May 11, 2009
May 11, 2008 (WTVM) - There have been numerous tornado warnings this spring in East Alabama. Currently, all of a county's tornado sirens are sounded, even when a small portion of the county is at risk. However, some new equipment is expected to change that.
Several counties across East Alabama are implementing new siren software that will alarm only those residents that live in the path of a possible tornado. The Lee County Emergency Management Agency hopes it helps people take tornado warnings more seriously.
"What we're trying to do is get specific on the area that is actually being threatened by the storm," Kathy Russell, Lee County EMA Director said. EMA officials say this spring's severe weather led them to activate tornado sirens up to five times within one day, but it's not always necessary to sound sirens countywide.
"If you are blowing the sirens over and over again because the storms are in different parts of the county, you may have activated the outdoor warning sirens so many times that people are not really paying attention to them any more," Russell said.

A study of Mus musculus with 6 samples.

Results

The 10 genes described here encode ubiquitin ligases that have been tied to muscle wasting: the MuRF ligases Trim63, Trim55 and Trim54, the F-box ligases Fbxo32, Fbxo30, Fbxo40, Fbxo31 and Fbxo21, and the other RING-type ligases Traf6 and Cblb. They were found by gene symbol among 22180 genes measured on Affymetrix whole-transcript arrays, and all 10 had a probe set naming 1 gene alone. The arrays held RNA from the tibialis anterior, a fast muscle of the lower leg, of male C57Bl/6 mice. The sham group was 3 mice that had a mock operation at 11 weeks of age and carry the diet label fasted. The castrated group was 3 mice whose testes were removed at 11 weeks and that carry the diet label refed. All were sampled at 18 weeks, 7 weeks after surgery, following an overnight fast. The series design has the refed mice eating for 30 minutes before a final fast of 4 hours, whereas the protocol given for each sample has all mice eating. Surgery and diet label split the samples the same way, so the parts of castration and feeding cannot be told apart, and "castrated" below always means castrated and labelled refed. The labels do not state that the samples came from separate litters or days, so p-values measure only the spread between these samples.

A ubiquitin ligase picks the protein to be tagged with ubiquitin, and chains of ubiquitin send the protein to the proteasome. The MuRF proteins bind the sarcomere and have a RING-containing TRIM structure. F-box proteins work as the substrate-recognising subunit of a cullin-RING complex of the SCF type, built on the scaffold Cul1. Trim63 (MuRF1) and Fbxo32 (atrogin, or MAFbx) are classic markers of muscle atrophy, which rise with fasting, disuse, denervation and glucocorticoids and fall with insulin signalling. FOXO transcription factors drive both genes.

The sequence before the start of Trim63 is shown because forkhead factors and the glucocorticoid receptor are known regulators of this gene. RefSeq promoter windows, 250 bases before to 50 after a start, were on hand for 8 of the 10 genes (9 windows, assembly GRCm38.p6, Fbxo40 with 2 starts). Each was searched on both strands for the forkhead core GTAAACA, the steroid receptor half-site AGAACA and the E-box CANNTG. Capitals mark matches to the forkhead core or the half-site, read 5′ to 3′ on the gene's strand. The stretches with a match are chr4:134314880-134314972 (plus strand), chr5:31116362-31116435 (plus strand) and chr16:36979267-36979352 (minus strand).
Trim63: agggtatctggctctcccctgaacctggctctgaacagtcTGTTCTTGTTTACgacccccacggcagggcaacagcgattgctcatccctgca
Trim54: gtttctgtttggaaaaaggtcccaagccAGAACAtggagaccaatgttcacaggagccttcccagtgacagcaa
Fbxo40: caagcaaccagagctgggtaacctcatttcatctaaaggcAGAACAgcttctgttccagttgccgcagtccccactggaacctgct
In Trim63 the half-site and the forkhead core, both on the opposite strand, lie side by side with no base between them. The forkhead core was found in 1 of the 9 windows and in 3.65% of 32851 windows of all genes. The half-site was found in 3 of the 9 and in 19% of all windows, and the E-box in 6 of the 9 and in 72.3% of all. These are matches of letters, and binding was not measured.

The new $2000 software will soon be installed in Lee County, only sounding sirens in the polygon path of the storm designated by the National Weather Service. "For instance if the storm is in Salem, we don't necessarily want to activate the tornado sirens in Auburn," the EMA Director said.
Russell and Chambers Counties are also implementing the same technology. "It makes people understand better, too, that when those sirens go off, they need to take some action," Russell said.
The software will help prevent confusion when one part of the county is in the all clear. It will also help control the common flood of phone calls that emergency crews receive during severe weather. "People do call here a lot when there is a storm, wanting to know if they will be affected and we want to try to alleviate that," said Russell.